Errors with data in production inevitably occur. When they do, they best thing we can do is remove the erroneous data, understand why the issue happened, and deploy changes that prevent it from occurring again.

Example 1: RollBack! - Data ingested from a Kafka stream

If you introduce a new code version to production and discover it has a critical bug, you can simply roll back to the previous version. But you also need to roll back the results of running it. Similar to Git, lakeFS allows you to revert your commits in case they introduced low-quality data. Revert in lakeFS is an atomic action that prevents the data consumers from receiving low quality data until the issue is resolved.

As previously mentioned, with lakeFS the recommended branching schema is to ingest data to a dedicated branch. When streaming data, we can decide to merge the incoming data to main at a given time interval or checkpoint, depending on how we chose to write it from Kafka.

You can run quality tests for each merge (as discussed in the During Deployment section). Alas, tests are not perfect and we might still introduce low quality data to our main branch at some point. In such a case, we can revert the bad commits from main to the last known high quality commit. This will record new commits reversing the effect of the bad commits.


Reverting commits using the CLI

   lakectl branch revert lakefs://example-repo/main 20c30c96 ababea32

Note lakeFS version <= v0.33.1 uses ‘@’ (instead of ‘/’) as separator between repository and branch.

Example 2: Troubleshoot - Reproduce a bug in production

You upgraded spark and deployed changes in production. A few days or weeks later, you identify a data quality issue, a performance degradation, or an increase to your infra costs. Something that requires investigation and fixing (aka, a bug).

lakeFS allows you to open a branch of your lake from the specific merge/commit that introduced the changes to production. Using the metadata saved on the merge/commit you can reproduce all aspects of the environment, then reproduce the issue on the branch and debug it. Meanwhile, you can revert the main to a previous point in time, or keep it as is, depending on the use case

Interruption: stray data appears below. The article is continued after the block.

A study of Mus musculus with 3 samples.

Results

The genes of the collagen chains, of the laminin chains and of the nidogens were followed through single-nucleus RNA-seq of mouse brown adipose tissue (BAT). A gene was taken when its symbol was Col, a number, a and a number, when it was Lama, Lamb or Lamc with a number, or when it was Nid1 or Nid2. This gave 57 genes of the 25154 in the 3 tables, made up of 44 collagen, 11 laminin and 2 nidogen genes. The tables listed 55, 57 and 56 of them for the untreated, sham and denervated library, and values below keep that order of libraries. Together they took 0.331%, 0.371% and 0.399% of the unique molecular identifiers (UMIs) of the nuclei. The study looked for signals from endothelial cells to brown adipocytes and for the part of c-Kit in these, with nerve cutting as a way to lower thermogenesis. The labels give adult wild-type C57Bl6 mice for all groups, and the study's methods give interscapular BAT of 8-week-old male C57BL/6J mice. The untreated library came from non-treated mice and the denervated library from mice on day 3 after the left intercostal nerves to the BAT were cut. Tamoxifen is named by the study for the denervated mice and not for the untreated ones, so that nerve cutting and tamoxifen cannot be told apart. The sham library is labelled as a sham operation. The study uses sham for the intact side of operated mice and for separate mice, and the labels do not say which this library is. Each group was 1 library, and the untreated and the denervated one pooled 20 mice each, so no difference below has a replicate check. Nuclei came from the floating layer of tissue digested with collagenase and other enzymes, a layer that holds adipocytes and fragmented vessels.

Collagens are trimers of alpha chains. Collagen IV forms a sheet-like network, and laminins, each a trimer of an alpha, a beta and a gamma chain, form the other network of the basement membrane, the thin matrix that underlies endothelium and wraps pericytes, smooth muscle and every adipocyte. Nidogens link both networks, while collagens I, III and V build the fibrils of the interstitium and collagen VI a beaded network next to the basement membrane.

Reading from a historic version (a previous commit) using Spark

   // represents the data as existed at commit "11eef40b":"s3://example-repo/11eef40b/events/by-date")

Example 3: Cross collection consistency

We often need consistency between different data collections. A few examples may be:

  • To join different collections in order to create a unified view of an account, a user or another entity we measure.
  • To introduce the same data in different formats
  • To introduce the same data with a different leading index or sorting due to performance considerations

lakeFS will help ensure you introduce only consistent data to your consumers by exposing the new collections and their join in one atomic action to main. Once you consumed the collections on a different branch, and only when both are synchronized, we calculated the join and merged to main.

In this example you can see two data sets (Sales data and Marketing data) consumed each to its own independent branch, and after the write of both data sets is completed, they are merged to a different branch (leads branch) where the join ETL runs and creates a joined collection by account. The joined table is then merged to main. The same logic can apply if the data is ingested in streaming, using standard formats, or formats that allow upsert/delete such as Apache Hudi, Delta Lake or Iceberg.


Case Study: Windward

See how Windward is using lakeFS’ isolation and atomic commits to achieve consistency on top of S3.